That’s way too extreme and clearly wrong in the short term. The market may see some rate increases, but there is no crisis of uninsurability. The CAT bond cited in the article is a sign of increased capacity, even if that particular bond took a big hit. The influx of financial market capital in the form of CAT bonds and other ILS (Insurance Linked Securities) has acted to diminish the ability of reinsurers to raise rates as much as they used to after a bad CAT year. After last year’s string of storms, the industry hoped for large price increases, but the actual increases were much more modest. The alternative capital kept the market well-supplied with capacity.

A key point is that much of the pricing in peak zones is model-based and none of the big modeling firms have adjusted their long-term frequency and storm/EQ severity parameters upward to any sizable degree.

http://www.artemis.bm/blog/2018/11/29/property-catastrophe-rates-to-rise-at-1-1-beyond-everest-re-management/

From year to year, forecasts of frequency have even declined.

https://www.insurancebusinessmag.com/asia/news/breaking-news/forecasts-for-2018s-hurricane-season-downgrade-frequency-of-storms-in-the-us-109793.aspx

Much of the increase in the loss of life and property value due to catastrophic storms is due more to increased exposure than to any large uptick in storm frequency or wind speed. People are building more on hurricane-alley coastal zones and exposing more property and people to risk. Though wildfires have gotten dramatically worse, to some degree due to forestry mismanagement, the loss of life and residential homes arises because people have chosen to locate themselves in areas that historically have had fires every decade or so.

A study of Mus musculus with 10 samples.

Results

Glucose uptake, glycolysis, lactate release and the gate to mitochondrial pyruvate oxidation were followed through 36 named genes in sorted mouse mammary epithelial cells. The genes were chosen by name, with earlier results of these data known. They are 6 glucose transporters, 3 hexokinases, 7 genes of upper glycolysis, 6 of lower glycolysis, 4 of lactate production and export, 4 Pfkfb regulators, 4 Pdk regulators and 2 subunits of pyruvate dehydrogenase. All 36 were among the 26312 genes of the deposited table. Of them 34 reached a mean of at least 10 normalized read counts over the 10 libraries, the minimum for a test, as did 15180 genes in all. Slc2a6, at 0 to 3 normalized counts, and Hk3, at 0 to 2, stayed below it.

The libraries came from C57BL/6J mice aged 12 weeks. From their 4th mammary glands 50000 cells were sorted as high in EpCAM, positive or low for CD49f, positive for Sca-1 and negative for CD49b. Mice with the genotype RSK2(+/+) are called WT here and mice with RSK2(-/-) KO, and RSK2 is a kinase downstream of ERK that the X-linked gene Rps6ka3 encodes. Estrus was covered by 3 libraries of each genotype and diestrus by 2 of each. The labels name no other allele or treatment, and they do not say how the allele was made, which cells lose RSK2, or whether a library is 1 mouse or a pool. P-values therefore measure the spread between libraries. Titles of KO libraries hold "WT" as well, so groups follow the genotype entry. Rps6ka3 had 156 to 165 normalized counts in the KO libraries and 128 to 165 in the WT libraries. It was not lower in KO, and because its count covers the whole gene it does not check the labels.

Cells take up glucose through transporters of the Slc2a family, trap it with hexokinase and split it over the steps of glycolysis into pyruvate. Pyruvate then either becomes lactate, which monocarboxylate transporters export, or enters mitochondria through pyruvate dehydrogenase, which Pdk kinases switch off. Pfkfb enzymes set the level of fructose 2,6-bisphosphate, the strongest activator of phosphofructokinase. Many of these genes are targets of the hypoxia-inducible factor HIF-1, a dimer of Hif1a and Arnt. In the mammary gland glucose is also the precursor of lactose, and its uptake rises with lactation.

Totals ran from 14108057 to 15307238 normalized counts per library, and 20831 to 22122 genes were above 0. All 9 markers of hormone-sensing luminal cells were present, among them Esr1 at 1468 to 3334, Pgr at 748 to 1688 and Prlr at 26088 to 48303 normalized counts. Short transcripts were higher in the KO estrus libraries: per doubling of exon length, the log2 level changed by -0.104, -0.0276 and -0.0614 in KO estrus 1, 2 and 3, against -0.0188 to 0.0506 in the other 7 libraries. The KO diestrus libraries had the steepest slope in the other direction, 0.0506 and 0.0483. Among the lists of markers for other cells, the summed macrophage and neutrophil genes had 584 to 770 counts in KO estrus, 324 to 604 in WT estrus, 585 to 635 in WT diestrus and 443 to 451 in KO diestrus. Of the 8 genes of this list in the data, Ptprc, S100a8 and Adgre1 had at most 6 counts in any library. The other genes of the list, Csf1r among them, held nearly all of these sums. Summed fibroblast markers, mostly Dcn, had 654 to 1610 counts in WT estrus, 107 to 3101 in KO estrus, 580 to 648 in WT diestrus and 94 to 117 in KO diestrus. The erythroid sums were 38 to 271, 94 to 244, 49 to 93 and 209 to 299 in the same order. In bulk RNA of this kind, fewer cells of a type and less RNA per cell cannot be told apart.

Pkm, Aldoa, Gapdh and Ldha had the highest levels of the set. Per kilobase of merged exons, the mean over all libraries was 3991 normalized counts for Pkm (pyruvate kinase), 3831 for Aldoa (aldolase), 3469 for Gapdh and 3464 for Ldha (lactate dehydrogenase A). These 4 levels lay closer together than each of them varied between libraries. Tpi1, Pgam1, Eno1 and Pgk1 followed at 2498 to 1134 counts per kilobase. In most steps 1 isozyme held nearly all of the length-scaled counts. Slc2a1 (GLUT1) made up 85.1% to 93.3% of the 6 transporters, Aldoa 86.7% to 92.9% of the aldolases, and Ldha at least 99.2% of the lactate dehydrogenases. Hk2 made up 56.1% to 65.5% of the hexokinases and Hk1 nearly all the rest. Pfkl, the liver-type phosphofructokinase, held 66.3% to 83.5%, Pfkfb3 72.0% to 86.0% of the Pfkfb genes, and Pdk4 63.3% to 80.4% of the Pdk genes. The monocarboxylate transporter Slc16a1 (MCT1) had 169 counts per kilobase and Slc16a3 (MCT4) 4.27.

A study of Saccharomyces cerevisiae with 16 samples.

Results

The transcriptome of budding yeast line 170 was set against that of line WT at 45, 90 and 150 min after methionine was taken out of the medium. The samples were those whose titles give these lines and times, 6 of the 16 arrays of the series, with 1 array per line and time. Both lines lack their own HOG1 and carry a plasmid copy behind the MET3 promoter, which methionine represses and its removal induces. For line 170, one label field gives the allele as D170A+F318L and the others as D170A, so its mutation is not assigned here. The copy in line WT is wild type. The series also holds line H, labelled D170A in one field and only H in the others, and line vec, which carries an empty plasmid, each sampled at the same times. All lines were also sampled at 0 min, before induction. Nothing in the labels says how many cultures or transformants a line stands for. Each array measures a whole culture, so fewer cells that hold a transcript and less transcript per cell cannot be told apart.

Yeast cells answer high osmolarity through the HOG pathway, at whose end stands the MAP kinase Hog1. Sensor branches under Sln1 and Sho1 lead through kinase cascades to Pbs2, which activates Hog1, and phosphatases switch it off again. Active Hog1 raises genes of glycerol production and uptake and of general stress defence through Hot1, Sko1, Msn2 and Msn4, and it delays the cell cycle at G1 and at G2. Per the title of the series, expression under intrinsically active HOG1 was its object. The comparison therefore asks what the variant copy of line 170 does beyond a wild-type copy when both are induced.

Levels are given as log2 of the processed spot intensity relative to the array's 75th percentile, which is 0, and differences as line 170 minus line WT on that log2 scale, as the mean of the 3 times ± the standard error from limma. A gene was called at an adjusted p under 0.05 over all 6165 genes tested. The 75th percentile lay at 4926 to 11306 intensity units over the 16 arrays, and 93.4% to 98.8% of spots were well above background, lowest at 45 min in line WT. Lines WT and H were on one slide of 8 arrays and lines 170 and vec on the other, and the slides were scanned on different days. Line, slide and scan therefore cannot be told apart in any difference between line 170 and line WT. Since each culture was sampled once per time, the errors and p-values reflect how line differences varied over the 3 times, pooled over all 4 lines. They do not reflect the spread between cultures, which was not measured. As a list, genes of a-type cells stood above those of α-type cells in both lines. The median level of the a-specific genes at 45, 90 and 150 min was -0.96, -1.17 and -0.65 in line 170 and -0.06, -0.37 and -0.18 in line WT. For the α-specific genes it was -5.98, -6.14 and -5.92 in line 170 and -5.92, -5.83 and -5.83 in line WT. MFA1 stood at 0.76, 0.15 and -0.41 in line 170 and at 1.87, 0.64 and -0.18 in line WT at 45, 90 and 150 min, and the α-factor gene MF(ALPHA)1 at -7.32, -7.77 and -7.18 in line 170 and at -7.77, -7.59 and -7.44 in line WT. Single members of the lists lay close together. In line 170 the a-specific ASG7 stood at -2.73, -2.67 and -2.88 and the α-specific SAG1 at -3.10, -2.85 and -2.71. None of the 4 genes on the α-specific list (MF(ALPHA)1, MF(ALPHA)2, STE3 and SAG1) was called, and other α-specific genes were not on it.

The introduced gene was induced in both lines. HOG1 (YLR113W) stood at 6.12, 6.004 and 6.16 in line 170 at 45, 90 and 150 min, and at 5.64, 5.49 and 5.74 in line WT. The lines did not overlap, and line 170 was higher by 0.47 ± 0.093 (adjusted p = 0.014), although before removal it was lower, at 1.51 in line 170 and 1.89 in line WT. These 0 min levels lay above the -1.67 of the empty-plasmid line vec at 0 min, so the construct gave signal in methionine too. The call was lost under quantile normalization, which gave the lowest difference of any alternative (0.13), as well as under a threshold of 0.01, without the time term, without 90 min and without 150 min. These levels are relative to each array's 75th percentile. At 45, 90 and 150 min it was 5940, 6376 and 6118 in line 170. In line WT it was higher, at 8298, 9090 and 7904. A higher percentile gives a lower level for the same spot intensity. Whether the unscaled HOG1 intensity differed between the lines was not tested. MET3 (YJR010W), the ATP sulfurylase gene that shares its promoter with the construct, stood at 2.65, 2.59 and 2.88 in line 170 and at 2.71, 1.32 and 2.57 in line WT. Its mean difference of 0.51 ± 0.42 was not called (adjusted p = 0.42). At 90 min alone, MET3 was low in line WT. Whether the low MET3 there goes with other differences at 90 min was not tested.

Flood is a major cause of catastrophic loss and it has traditionally regarded as an uninsurable risk by the private market. However since the 1960s the US government has provided flood insurance under the NFIP (National Flood Insurance Program). The NFIP was supposed to be self-sustaining but that has not turned out to be the case. Attempts at reforms have been made. These include charging actuarially sound rates, weaning away premium subsidies, buying out properties with repeated losses, and moving to update flood zone maps. What is interesting is that despite NFIP losses, the private market has made some forays into providing commercial customers with flood insurance. The NFIP itself now has some reinsurance protection. Even the conventionally uninsurable risk is partly insurable.

https://www.fema.gov/media-library/assets/documents/129784

Prices for insurance in the most exposed flood and hurricane and wildfire zones may rise and force people to stop building there. That is not a crisis of uninsurability. It is the signal a functioning insurance market should provide.

Mathematician, Statistician, Businessman, and Academic. Student of history, poli sci , and the Bible.